Daily Archives: April 7, 2016

Time Out for Art: the Business


Yesterday, I noted that while living on Johnson Mill Road, I opened a gallery in Lapeer. Look at me, almost flawlessly combining my address posts with my “time out for art” posts!

My sister Brenda and I were discussing, last week, various patterns in each of our lives, from the perspective of our sixty-some years, looking back.

Brenda, for instance, has – more often than could be considered “normal” or “just coincidence” – been left in a position of cleaning up  other people’s messes. When we were just kids, planning hikes through the field to build forts or create mischief, Mom would always be able to convince Brenda to stay inside, to clean the oven or scrub the floors. “My good helper,” Mom would say…and Brenda was lost to whatever game was at hand.

As teen-agers, when we were all taking on  baby-sitting jobs to earn money for school clothes and little luxuries, Brenda ended up, instead, being a housekeeper for Mrs Linahan, down the road. As young mothers, she and I both signed up for training and some simple social work, in order to earn money for Christmas. I was assigned two tutoring jobs, for a couple young girls in foster care. Brenda was directed to a woman who had lost her children because her housekeeping was so far below the standard as to be unsafe. It was my sister’s job to help her clean house, and teach her how to maintain it. The list goes on and on, right up to the present day. If there’s a messy house, Brenda will most likely be called upon to clean it. Uncanny!

In my life, I’ve had an unusually large number of cars with no brakes. Well beyond what a person would run into in life, even if they were negligent about auto maintenance. Seriously.

I have also gained a short list of failed businesses. Perhaps a better term would be unsuccessful. Definitely. I think I’d make a great entrepreneur. I have a million good ideas. I am a hard worker, and throw myself wholeheartedly into a project. I am perfectly willing to take on partners, to share in the profits for helping with the business. In fact, that seems to be my modus operandi.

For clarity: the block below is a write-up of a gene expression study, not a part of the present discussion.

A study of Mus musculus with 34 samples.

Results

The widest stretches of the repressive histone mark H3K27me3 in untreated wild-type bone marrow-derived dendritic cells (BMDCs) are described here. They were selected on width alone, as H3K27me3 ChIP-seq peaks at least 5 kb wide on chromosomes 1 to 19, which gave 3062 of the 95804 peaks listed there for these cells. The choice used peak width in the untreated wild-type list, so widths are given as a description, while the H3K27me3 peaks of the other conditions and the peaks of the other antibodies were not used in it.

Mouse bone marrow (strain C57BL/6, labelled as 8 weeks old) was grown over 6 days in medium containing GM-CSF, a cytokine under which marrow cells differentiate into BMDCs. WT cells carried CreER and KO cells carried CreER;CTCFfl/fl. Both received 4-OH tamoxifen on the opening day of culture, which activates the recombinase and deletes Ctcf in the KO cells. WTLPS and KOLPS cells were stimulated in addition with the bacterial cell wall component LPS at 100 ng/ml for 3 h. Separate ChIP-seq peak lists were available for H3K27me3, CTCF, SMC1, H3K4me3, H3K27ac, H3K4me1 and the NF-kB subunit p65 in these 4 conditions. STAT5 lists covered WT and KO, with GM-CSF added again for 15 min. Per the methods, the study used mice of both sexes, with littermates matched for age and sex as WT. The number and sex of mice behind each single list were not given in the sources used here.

The first of these endeavors was the art gallery I opened in Lapeer. I had just spent several years studying the fine arts, how better to use my education?

First, I took on the young man that had worked at the gallery that had formerly occupied the space as a partner, in exchange for him teaching me the business. That was my first mistake. He was a nice young man, and a good worker. I couldn’t afford employees. It seemed sensible. When we started to see profits, he was a full partner!

Unfortunately, in the year or two that we ran the business, we never got to the point of seeing profit. That wasn’t bad for me…I had a working husband. My partner had a young wife, and they were expecting their first child. Difficult, even, to ask for assistance when your name is listed as a full partner in what appeared to be a thriving downtown business! Eventually, he took a side job and most of the work of running the business fell to me alone.

I worked business hours Monday through Saturday, and put in extra hours to change the art display. On evenings and weekends, I’d bring my daughters in with me. They’d make drawings on the mat board scraps and pieces, and do their homework at my desk.

We did appear to be thriving. Customers came in and out daily. We put in long hours matting and framing. I employed several cost-cutting and money-saving measures, without sacrificing any quality. In addition, I brought in a new artist every month for a show of their work. We sent out hand-lettered invitations and hosted an after-hours reception with wine and snacks.

Despite all my efforts to bring in new and exciting artists, as a gallery we fizzled. Our busiest time of year was when senior pictures came out, and parents wanted nice frames. Though I refused to put them on our walls, I kept catalogues of posters – tigers on black velvet, waterfalls in iridescent tones, large-eyed children – for customers to order from, because they would then have us do the framing.

We always managed to pay the bills: materials, rent and utilities. All of our income came from matting and framing. We never sold a single piece of art. We never drew a single paycheck. When we sold the business, I think my partner and I each received $200.00. He was hired as an employee for the new owners; I bowed out. I have often said that I never felt so distant from the arts as I did when I was there, “working in the arts.”